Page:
On Monday, October 19, South Africa’s shack dwellers movement, Abahlali baseMjondolo (ABM), will be holding a march in Durban city to protest the theft of hundreds of millions of COVID-19 funds in the KwaZulu-Natal. The province has been identified as the second most corrupt province in the country.
George Bonono, the chairperson of AbM’s Kwazulu-Natal province, told Peoples Dispatch that an estimated R2 billion (USD 120 million) has been lost from the KwaZulu-Natal province alone.
Members of Abahlali, which has been at the forefront of the struggle for housing rights in the country, are set to assemble at the King Dinuzulu Park at 9 a.m and march to the Durban City Hall. Here they intend to submit a memorandum to the province’s premier, Sihle Zikalala, and to Sipho Hlomuka, a member of its Executive Council.
The memorandum demands not only speedy investigation and arrests of the culprits, but also the recovery of the stolen funds and its redistribution to the people for whose protection the money was originally allocated.
Abahlali also demands the rehabilitation of families illegally evicted from their settlements during the pandemic, compensation for the demolition of their shacks and prosecution of authorities involved in these demolitions.
Members of this movement, which advances housing rights by occupying unused lands and building shacks to house the urban poor, have been at the receiving end of these demolitions since its founding in 2005.
During the lockdown, despite a moratorium against evictions, the notorious eThekwini municipality has been carrying out violent demolitions using private security companies whose personnel have often opened fire, injuring many.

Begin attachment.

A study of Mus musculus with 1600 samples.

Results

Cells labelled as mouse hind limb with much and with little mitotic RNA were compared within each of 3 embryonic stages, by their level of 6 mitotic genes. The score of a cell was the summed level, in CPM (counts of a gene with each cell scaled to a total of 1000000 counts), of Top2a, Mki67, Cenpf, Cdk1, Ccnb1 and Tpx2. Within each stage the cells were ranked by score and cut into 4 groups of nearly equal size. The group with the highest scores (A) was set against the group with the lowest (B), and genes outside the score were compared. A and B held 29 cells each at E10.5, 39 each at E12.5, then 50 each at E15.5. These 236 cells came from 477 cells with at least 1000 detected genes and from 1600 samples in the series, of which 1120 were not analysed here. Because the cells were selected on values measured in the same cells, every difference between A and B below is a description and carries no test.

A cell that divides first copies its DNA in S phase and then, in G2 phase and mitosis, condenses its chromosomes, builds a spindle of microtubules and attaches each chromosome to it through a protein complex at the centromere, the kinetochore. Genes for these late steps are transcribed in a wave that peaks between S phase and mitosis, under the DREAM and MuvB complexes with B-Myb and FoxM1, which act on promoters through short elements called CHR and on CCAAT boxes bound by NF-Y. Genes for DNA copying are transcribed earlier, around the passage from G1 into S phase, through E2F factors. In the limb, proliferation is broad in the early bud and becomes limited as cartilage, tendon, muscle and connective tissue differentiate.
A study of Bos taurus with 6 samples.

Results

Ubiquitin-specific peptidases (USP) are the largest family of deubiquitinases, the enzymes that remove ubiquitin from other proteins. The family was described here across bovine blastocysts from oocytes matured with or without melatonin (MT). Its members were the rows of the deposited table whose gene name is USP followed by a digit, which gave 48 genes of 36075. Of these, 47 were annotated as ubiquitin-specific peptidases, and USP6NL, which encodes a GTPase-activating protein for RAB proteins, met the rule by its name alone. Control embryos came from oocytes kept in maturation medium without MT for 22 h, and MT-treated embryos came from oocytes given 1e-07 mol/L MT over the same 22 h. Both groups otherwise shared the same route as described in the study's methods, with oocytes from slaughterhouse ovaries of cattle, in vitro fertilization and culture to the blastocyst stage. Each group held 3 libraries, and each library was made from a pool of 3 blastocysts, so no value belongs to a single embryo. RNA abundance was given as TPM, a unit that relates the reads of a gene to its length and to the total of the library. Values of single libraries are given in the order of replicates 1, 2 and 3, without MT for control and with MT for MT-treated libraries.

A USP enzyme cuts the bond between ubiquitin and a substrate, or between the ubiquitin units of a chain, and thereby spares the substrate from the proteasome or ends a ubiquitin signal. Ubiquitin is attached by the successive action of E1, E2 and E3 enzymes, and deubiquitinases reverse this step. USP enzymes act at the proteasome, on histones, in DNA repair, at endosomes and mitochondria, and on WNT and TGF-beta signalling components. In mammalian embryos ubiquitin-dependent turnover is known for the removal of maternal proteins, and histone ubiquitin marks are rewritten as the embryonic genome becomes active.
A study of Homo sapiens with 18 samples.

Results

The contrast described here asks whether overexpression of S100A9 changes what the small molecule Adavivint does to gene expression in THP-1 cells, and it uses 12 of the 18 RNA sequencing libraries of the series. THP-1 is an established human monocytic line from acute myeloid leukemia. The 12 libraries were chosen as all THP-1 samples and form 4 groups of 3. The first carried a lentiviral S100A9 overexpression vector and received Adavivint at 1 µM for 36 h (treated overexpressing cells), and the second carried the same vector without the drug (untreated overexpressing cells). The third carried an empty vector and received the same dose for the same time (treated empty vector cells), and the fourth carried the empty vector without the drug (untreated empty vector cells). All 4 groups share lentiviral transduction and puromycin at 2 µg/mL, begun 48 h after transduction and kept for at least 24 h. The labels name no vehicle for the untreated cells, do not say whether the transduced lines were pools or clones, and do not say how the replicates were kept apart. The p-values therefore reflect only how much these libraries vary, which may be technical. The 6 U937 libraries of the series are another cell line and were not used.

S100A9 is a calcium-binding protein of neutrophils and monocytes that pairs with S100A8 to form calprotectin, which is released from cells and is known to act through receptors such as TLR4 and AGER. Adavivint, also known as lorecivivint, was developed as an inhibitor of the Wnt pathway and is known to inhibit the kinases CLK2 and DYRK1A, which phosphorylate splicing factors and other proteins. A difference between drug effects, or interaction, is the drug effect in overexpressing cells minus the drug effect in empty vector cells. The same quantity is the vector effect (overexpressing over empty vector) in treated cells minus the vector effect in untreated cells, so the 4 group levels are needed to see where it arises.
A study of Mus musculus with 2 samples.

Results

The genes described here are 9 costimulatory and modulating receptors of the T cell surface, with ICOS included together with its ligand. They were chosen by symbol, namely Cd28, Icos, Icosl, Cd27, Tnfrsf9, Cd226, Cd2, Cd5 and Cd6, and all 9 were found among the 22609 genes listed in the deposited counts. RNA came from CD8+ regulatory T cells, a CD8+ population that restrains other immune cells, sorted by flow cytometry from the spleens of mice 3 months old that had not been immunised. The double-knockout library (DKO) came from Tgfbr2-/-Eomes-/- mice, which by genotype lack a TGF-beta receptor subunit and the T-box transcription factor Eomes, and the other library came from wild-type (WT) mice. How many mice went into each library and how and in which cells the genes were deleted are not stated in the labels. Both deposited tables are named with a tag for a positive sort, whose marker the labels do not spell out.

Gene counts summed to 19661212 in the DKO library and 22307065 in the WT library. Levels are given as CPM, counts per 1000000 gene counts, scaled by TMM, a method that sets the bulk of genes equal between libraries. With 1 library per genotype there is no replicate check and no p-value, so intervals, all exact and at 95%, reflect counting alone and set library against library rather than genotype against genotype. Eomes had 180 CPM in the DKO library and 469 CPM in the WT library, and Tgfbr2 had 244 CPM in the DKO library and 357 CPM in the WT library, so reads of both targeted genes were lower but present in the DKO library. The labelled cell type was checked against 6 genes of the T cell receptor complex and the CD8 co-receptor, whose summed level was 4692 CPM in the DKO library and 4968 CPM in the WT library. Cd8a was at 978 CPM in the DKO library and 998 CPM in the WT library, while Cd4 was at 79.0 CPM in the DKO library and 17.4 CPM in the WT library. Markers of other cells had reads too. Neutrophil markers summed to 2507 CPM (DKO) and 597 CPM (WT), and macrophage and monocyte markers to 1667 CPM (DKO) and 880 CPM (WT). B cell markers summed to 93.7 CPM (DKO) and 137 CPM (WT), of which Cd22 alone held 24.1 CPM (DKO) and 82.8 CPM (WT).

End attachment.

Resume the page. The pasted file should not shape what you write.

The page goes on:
Most often, the building materials – sheets of tarpaulin and corrugated metal – are burnt after demolitions to prevent the shack dwellers from rebuilding. Many families have been left on the roadside, from where they have been arrested for violating the ‘stay-home orders’.
It is these shack dwellers who are also the worst affected by the theft of funds, because they are the section of the population most vulnerable to the pandemic.
Proper physical distancing is not possible in these settlements where entire families are packed in one-room shacks, rows of which are packed together. The prescribed hygiene practices are beyond the reach of the shack dwellers whose entire settlements share only few communal water pipes, most of which are connected by the dwellers themselves.
While communities face such dire and dangerous circumstances of existence, eThekwini’s Water and Sanitation Unit is being investigated for tenders frauds, where upto R700 million (USD 42 million) has been allegedly stolen through overpriced tenders and undelivered goods.
“It is a well-known fact that former eThekwini mayor Zandile Gumede is alleged to have corrupted almost R430 million rand from a Durban Solid Waste tender.. It exposes our communities to greater health danger.. (and) denies.. the right to life. The act of corruption in the middle of pandemic should be viewed as an attempted murder and the culprits should be charged as such,” Abahlali said in its statement.
Funds allocated to KwaZulu-Natal Department of Social Development for food relief have allegedly been stolen to the tune of R25 million. “It is reported that this money was meant to provide food relief to about 88,000 people in distress, and yet only 1,026 people benefited,” the statement adds.